The Cabinet Committee on Security, headed by Prime Minister Narendra Modi, had on August 31 cleared the much-awaited project for the development of TEJAS MK-2 that is expected to form an important element of future air combat

The Light Combat Aircraft (LCA) TEJAS MK-2, the most advanced warplane set to be built in India, will come with enhanced survivability, better situational awareness for pilots, high payload capacity, improved range, network centric capabilities, integrated avionics, and an ability to quickly switch from one role to another, officials familiar with the matter said on Sunday.

The Cabinet Committee on Security, headed by Prime Minister Narendra Modi, had on August 31 cleared the much-awaited project for the development of TEJAS MK-2 that is expected to form an important element of future air combat.

The new aircraft, being developed at a cost of around ₹10,000 crore, will have a payload capacity of 6.5 ton and be able to carry a mix of weapons, including beyond visual range air-to-air missiles, air-to-ground missiles, heavy precision guided weapons and conventional bombs, said one of the officials, asking not to be named.

The 17.5-ton fighter, to be powered by the higher thrust GE F414-INS6 engine (earlier TEJAS variants use the F404), will have a maximum speed of 1.8 Mach and service ceiling of 50,000 feet.

The other upgrades on the TEJAS MK-2 include a superior radar, enhanced fuel capacity, unified electronic warfare suite, indigenous flight control actuators, improved digital flight control computer and better cockpit displays, said a second official familiar with the project.

The new fighter jet will cater to the future requirements for the Indian Air Force (IAF), which has already inducted several of the 40 earlier variants of TEJAS and ordered 83 improved MK-1A variants. The MK-2 fighter will be the most advanced variant of the LCA designed and developed indigenously by the Aeronautical Development Agency (ADA)

The first flight of the TEJAS MK-2 fighter could take place in two years, setting the stage for its production and subsequent operational availability by 2028-29 to replace the Mirage-2000s and Jaguars.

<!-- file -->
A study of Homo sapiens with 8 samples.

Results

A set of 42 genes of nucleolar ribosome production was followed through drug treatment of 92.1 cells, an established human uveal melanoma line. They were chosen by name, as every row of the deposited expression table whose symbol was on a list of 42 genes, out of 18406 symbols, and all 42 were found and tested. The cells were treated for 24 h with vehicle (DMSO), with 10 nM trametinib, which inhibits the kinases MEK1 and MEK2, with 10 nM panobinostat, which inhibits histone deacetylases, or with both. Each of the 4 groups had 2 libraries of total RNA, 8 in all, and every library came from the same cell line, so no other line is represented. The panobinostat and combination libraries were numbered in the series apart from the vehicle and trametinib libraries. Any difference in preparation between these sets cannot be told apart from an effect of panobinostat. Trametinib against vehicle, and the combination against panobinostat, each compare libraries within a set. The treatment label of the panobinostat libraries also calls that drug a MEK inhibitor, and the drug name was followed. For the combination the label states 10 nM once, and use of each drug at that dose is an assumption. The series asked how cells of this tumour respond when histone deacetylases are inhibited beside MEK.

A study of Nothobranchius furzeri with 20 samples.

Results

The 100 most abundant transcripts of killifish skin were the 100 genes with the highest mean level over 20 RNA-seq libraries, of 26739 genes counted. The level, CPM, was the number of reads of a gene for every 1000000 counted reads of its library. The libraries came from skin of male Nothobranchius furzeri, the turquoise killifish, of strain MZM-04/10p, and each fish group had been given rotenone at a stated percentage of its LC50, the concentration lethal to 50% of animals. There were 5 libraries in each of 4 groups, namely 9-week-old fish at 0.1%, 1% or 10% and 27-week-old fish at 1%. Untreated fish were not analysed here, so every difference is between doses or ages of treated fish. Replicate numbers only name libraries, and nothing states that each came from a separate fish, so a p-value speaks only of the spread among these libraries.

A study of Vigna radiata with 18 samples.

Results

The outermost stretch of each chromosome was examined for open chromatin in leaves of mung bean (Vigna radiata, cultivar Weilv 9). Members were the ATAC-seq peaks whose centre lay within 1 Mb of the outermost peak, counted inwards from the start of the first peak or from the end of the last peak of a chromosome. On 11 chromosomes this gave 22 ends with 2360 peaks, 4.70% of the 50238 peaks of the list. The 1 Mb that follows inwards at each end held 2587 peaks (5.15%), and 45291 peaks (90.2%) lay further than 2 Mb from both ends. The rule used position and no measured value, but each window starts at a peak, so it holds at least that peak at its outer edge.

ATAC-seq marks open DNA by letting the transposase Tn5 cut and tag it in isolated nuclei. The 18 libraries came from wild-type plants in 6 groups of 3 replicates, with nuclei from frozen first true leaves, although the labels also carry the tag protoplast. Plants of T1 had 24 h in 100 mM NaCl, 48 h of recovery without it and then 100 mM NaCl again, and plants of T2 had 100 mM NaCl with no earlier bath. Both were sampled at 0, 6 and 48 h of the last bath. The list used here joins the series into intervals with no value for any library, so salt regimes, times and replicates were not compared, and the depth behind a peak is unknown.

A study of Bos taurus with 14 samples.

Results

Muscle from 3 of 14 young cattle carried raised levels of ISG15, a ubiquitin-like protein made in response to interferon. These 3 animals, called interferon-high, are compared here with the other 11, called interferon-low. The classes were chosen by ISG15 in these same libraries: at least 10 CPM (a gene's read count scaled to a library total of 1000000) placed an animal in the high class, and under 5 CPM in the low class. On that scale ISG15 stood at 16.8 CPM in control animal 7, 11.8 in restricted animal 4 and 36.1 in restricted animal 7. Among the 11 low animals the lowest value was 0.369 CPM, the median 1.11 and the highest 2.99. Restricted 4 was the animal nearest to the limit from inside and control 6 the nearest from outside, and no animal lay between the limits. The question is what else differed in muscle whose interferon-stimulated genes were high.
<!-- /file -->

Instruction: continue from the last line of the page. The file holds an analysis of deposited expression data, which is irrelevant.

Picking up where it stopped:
The TEJAS MK-2 will be a further development of the MK-1A fighter. Last year, the defence ministry awarded a ₹48,000 crore contract to Hindustan Aeronautics Ltd (HAL) for 83 TEJAS MK-1A jets for IAF. The first MK-1A aircraft is expected to be delivered to the air force by March 2024, with the rest slated to join its combat fleet by 2029.

“IAF is grappling with a shortage of fighter squadrons, and TEJAS MK-2 will play a key role in plugging capability gaps. At the same time, it is important to ensure that production rate of TEJAS MK-1A is ramped up,” Air Marshal Anil Chopra (Retd), director general, Centre of Air Power Studies, said when CCS cleared the TEJAS MK-2 project.

The aircraft will be equipped with advanced avionics with smart large area display, sleek head up display, infrared search and track capability to detect threats at long ranges, missile approach warning systems and countermeasure dispensing systems for self-protection, the officials said.

IAF could order more than 210 TEJAS MK-2 fighters in the long term, as previously reported.

Of the 123 TEJAS variants already ordered, 20 each are in the initial operational clearance (IOC) and the more advanced final operational clearance (FOC) configurations. The remaining 83 TEJAS MK-1A fighters will come with additional improvements over FOC aircraft.

The MK-1A will come with digital radar warning receivers, external self-protection jammer pods, advanced beyond-visual-range missiles, and significantly improved maintainability.

TEJAS MK-2 is expected to fill the gap between MK-1A and the indigenous fifth-generation fighter programme - the advanced medium combat aircraft (AMCA) – which is also being pursued. There is a possibility of equipping AMCA with directed energy weapons, superior anti-missile systems, and teaming it with unmanned systems.

The TEJAS MK-2 project will provide a significant boost to the Aatmanirbhar Bharat (self-reliant India) campaign, one of the government’s foremost priorities, the officials said.

A new import ban imposed by the government on hundreds of military subsystems and components last month brought India’s quest for indigenisation into sharper focus, set goals for the local defence manufacturing industry, and turned the spotlight on the journey so far and the long road ahead for attaining meaningful self-reliance.

The main steps taken to inject momentum into the self-reliance drive include bringing out a series of positive indigenisation lists (six have been published so far to ban the import of major weapons, platforms, subsystems and components), creating a separate budget for buying locally made military hardware, and earmarking research and development budget for the private industry and start-ups.